Hat #3 and a Very Good Dog

Hat #3 of 4. Another Turn a Square, again Cascade 220 wool and Noro Silk Garden. This one was worked with a cast on of 82 stitches for the ribbing, then I increased 8 stitches to a total of 90 for the body of the hat. I started the raglan decreases when the hat measured 5 inches from ribbing to last row worked. I think that this is the magic formula for a woman's hat. It's stretchy and will fit up to a size medium. For a woman's large or a man's hat, I'd stick with the specs from the original pattern, except that I'd tighten up the ribbing a bit and start with a cast on of 96 stitches. (Oops, I guess that's not staying with the specs.)
Below, a picture of my very happy dog. He is starting to mature just the tiniest bit, so that sometimes, in the evening, he will settle happily down on his dogbed and chew at a bone or, as he is now, asleep with that sweet look of a sleeping puppy. (And yes, babies are cuter, but I'm fresh out of them at the moment, though it is the day that my younger daughter was born, 24 years ago! And I had a student this morning whose daughter shares her birthday, but is two years older. Happy Birthday, M!)
Below, a flash in the distance, as he runs for a tennis ball in the backyard. Another sign of settling down: he let me read the Style and Arts and Leisure sections of the Times while he occupied himself, only occasionally coming by for twenty or thirty tosses of the tennis ball before lying down or wandering off to survey the squirrel population.
This is good to see, because we had a bad afternoon. Him more than me. I had finally finished errands and packing for my trip. We were taking a long walk through the neighborhood. Gorgeous weather: blue skies, a tiny bit of a breeze, lots of sun. And as we walked past a fenced-in yard with a black dog behind it, Parker went too close and the dog reached through a gap in the gate and bit him on the nose. There was enough blood to concern me and I asked the people behind the fence, starting their barbecue early, if you know what I mean, for something to clean him up with. Enough said that it took five minutes, or that's how it felt, for them to give me a few damp paper towels. And, in a move that always astonishes me, and in this case, I was already feeling a little shaky with surprise and with concern for my dog, they started yelling at me with that "lady...look here, your dog shouldn't have come up to the fence" thing that makes me want to do something very violent. Instead, I tried to stay calm. I walked him home the 15 blocks as quickly as possible, called the vet, and then took him over. No stitches, just a clean up, some pain pills, and an antibiotic. And since Parker has a current rabies shot, I don't have to try to find out if the attacking dog had a current rabies shot (that was my concern - that I might have to file a police report in order to get someone over there that these people might respect to find out if the dog had his shots.) Here's a shot of his nose:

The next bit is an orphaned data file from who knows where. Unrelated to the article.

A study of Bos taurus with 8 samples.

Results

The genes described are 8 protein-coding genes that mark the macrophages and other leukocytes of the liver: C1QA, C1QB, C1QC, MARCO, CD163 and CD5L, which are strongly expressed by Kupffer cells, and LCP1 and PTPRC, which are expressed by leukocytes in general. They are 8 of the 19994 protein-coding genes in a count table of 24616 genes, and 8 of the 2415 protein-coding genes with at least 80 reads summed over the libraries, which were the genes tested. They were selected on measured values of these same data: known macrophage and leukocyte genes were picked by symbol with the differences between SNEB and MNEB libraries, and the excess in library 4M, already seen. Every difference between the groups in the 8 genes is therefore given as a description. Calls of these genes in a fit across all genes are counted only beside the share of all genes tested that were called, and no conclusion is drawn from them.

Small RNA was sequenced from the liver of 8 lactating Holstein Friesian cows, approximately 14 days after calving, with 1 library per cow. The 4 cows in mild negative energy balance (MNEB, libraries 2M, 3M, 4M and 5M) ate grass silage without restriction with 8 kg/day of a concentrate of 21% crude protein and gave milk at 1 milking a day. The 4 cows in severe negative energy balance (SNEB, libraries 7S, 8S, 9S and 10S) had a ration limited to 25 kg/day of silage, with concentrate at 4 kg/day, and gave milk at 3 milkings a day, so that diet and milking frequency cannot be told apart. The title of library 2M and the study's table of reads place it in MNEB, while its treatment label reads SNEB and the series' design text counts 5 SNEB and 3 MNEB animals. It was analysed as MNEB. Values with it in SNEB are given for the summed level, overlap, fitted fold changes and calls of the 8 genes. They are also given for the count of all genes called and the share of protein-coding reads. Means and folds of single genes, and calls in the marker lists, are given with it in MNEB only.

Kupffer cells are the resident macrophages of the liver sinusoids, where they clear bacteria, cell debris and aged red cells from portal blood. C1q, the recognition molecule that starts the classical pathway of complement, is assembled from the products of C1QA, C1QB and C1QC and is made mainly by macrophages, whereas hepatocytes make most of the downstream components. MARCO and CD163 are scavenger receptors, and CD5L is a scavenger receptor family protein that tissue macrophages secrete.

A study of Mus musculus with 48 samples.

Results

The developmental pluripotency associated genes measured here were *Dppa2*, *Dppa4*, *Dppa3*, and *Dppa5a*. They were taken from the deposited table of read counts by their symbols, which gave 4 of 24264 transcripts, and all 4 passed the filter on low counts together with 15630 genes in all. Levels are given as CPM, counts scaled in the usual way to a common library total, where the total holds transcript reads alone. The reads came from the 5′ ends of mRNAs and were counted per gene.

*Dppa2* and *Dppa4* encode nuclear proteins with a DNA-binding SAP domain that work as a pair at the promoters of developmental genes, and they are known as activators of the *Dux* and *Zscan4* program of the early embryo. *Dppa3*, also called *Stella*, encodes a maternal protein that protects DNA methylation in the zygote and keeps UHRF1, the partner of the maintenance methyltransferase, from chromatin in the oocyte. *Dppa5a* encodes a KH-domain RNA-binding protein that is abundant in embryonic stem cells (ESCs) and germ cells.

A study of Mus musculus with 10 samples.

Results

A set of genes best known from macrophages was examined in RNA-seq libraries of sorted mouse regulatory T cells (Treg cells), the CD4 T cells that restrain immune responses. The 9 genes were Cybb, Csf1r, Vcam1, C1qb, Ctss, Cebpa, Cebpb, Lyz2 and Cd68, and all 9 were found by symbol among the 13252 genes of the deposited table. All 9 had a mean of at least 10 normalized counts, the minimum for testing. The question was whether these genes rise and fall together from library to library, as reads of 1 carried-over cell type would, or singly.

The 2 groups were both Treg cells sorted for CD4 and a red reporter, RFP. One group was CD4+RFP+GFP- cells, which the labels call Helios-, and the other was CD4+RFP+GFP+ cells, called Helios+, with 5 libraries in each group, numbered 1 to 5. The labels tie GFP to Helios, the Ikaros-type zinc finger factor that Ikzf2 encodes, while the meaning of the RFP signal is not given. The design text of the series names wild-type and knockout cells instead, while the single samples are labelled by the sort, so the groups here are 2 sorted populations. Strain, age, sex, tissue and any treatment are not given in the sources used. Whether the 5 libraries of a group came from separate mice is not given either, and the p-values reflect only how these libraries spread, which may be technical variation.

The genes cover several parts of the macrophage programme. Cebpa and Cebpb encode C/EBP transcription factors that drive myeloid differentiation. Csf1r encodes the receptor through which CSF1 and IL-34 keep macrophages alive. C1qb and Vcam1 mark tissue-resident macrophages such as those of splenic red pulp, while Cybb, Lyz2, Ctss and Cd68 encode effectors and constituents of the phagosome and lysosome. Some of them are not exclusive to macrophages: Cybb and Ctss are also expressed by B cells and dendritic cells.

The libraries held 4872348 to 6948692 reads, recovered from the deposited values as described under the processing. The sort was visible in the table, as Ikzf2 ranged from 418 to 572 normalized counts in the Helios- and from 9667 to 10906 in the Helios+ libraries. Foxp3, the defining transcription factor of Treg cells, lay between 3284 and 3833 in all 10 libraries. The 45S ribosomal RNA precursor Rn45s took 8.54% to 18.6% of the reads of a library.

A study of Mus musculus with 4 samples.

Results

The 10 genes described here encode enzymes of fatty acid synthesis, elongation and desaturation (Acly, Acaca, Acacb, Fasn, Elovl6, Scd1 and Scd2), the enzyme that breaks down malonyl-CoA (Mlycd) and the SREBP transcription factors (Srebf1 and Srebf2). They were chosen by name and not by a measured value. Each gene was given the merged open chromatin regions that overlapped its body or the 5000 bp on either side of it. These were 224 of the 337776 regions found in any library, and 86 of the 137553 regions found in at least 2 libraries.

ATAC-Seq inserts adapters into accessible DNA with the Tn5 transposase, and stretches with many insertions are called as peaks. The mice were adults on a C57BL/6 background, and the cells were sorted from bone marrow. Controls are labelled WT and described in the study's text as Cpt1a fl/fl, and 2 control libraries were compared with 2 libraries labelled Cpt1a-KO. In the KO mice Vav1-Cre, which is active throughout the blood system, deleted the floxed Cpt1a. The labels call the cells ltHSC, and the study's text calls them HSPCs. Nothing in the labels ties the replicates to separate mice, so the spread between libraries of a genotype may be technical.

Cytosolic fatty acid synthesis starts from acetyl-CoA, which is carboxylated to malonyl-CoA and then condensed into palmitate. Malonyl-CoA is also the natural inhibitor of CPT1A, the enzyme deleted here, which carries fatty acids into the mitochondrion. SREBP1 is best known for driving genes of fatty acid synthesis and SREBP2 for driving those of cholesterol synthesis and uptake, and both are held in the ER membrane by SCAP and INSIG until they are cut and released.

Not to worry, though. He is fine. Ironic that after all the stories I've heard about aggressive dogs at the dog park that we go to, it's taking a Sunday afternoon walk that ends up drawing some blood.
I'm off to training for two weeks tomorrow - hope to be able to post once in a while during my trip. Otherwise, see you in June.


Anonymous said…
oh poor puppy! hope he is not too traumatized. I'm enjoying your series of hats but even more I enjoy your comments on your yoga practice. As a beginner I find your insights helpful in helping me understand and deepen my own very beginner experience as practice the poses. enjoy your retreat sure wich I was on your list for a cap.